On Sunday, a Dalit man died while in police custody on the outskirts of Dhanera town in Gujarat’s Banaskantha district. Lubaram Uttamaram, 25, a migrant labourer from Rajasthan’s Barmer district, was picked up by the police from a check post on the border of the two states in connection with a case of vehicle theft. He was later taken to the community health centre in Dhanera, where doctors declared him dead. While the police said that Uttamaram committed suicide by hanging himself with a rope that he found in the police check post, groups of local residents and Dalit activists have alleged that the police beat him to death.

Scroll.in looked at government data from 2007 to 2016 on the incidence of deaths in police custody, and the numbers pertaining to Gujarat were grim. This data is published annually by the National Crime Records Bureau.

The parameters relevant to Uttamaram’s case include death in police custody where remand is not granted by a court (Uttamaram died before he was taken to a police station, let alone being produced before court), custodial deaths that are passed off as instances of suicide, and incidents of custodial deaths that result in First Information Reports against police officials, and convictions if any.

What the data says

Of all the reported instances of deaths in police custody in the state over the 10-year period studied, the individual died before being produced in court in 80.9% of the cases. Gujarat leads the charts in this parameter. The data showed that Gujarat is closely followed by Maharashtra, with 80.6%.

But in cases of deaths in police custody that were eventually closed as instances of suicide, Gujarat left Maharashtra way behind. The government data revealed that of all reported instances of such deaths in the period under consideration, 42.4% of the individuals in Gujarat were said to have committed suicide, and their cases closed. This is also the highest among all states. In Maharashtra, the comparable figure is 30.6%.

A similar analysis of deaths caused by police assault could not be done as this category was added in the National Crime Records Bureau’s annual report only in 2014. Before 2014, in its data, the report did not distinguish between injuries caused before a person was taken into police custody and after a person was taken into police custody, making it impossible to ascertain physical assault by the police.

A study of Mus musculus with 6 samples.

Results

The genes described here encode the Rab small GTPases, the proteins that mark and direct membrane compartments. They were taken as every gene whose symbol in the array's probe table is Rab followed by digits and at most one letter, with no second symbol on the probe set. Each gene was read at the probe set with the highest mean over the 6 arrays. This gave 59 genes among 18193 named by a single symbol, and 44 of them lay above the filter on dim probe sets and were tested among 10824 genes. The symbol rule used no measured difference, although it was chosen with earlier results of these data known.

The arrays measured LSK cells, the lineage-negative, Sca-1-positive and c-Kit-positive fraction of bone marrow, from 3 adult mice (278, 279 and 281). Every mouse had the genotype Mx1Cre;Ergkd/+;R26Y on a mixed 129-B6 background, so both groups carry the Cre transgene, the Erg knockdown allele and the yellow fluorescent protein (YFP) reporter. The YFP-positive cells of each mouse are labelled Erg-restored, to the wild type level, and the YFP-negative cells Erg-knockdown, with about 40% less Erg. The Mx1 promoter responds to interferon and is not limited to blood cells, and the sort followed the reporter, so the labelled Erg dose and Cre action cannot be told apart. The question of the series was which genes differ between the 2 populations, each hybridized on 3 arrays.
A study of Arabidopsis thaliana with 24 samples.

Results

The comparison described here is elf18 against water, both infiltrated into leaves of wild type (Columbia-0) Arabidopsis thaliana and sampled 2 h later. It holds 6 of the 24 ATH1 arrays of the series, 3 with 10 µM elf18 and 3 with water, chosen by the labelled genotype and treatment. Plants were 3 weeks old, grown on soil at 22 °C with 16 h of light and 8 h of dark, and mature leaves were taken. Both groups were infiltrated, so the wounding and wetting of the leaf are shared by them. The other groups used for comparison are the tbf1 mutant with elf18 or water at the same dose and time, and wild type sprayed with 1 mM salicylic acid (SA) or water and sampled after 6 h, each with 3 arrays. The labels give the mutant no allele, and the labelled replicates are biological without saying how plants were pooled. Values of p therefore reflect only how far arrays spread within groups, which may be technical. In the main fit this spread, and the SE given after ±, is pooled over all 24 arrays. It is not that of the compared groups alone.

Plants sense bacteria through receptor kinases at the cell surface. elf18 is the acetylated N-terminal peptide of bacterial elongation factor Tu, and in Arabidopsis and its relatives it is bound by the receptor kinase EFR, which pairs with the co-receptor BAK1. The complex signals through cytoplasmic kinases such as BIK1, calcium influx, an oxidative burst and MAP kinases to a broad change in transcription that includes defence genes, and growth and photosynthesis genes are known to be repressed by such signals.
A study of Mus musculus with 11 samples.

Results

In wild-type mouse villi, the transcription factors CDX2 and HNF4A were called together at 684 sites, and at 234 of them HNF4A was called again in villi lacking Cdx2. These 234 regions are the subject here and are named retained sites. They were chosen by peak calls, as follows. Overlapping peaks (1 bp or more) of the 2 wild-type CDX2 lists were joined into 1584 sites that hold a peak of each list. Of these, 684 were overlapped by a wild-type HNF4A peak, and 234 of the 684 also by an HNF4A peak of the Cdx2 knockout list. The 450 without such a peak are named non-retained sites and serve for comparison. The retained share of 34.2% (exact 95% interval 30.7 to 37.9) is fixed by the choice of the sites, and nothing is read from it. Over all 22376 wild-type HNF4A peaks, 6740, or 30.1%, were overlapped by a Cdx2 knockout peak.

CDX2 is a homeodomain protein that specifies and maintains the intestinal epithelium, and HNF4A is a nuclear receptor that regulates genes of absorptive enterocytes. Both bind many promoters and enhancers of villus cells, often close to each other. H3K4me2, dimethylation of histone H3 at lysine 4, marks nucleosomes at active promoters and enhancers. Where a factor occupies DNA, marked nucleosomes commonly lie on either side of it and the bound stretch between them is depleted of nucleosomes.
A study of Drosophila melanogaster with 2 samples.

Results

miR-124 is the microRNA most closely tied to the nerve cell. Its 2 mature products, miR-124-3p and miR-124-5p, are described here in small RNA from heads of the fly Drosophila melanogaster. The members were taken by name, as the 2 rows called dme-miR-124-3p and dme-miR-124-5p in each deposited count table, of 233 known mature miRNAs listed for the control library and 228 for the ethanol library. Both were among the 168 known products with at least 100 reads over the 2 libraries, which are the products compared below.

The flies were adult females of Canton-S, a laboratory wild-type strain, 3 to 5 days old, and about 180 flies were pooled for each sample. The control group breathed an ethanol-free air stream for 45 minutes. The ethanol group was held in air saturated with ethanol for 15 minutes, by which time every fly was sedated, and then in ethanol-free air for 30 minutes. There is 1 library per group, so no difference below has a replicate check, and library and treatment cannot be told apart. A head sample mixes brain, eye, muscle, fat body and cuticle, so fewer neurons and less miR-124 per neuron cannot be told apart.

In terms of absolute numbers, however, since 2014, both Gujarat and Maharashtra have registered two instances each of death in police custody due to assault by police personnel, and all four instances materialised into cases.

In all, 125 people have died in police custody in Gujarat in the 10-year period under consideration. These include deaths of people in police custody with court remand and without.

The number of FIRs against police personnel in cases of deaths in police custody in Gujarat is abysmally low. Of the 125 deaths, only 16 led to cases against police personnel. For instance, Assam – which accounted for less than one-third of the total instances of police custody deaths in the same period – has a greater number of cases registered against officials, according to the National Crime Records Bureau data.

Finally, of the 16 cases registered against police officials in Gujarat in connection with the death of individuals in police custody, none have led to a conviction. The charges ranged from murder and culpable homicide to negligence.

In the 10 years, Uttar Pradesh is the only state to have recorded seven instances of convictions in cases in which the accused were policemen, the data showed.

Judicial inquiry ordered

A judicial enquiry has been initiated in the Dhanera case as per protocol, and one constable has been suspended for negligence while on duty. Additionally, two home guards, who report to the state’s home department and are not directly under the control of the police, have been removed from their posts.

“The police helped the deceased person’s family to arrive in Ahmedabad,” said Pradip Sejal, Deputy Superintendent of Police (Banaskantha). “We showed them the body and they found no external injuries other than the ligature marks caused by the ropes, the family was handed over to the family this [Tuesday] afternoon and they will soon be leaving for Barmer.”

He added that if the final autopsy report or forensic report in the case brought out some new information, the police would act accordingly.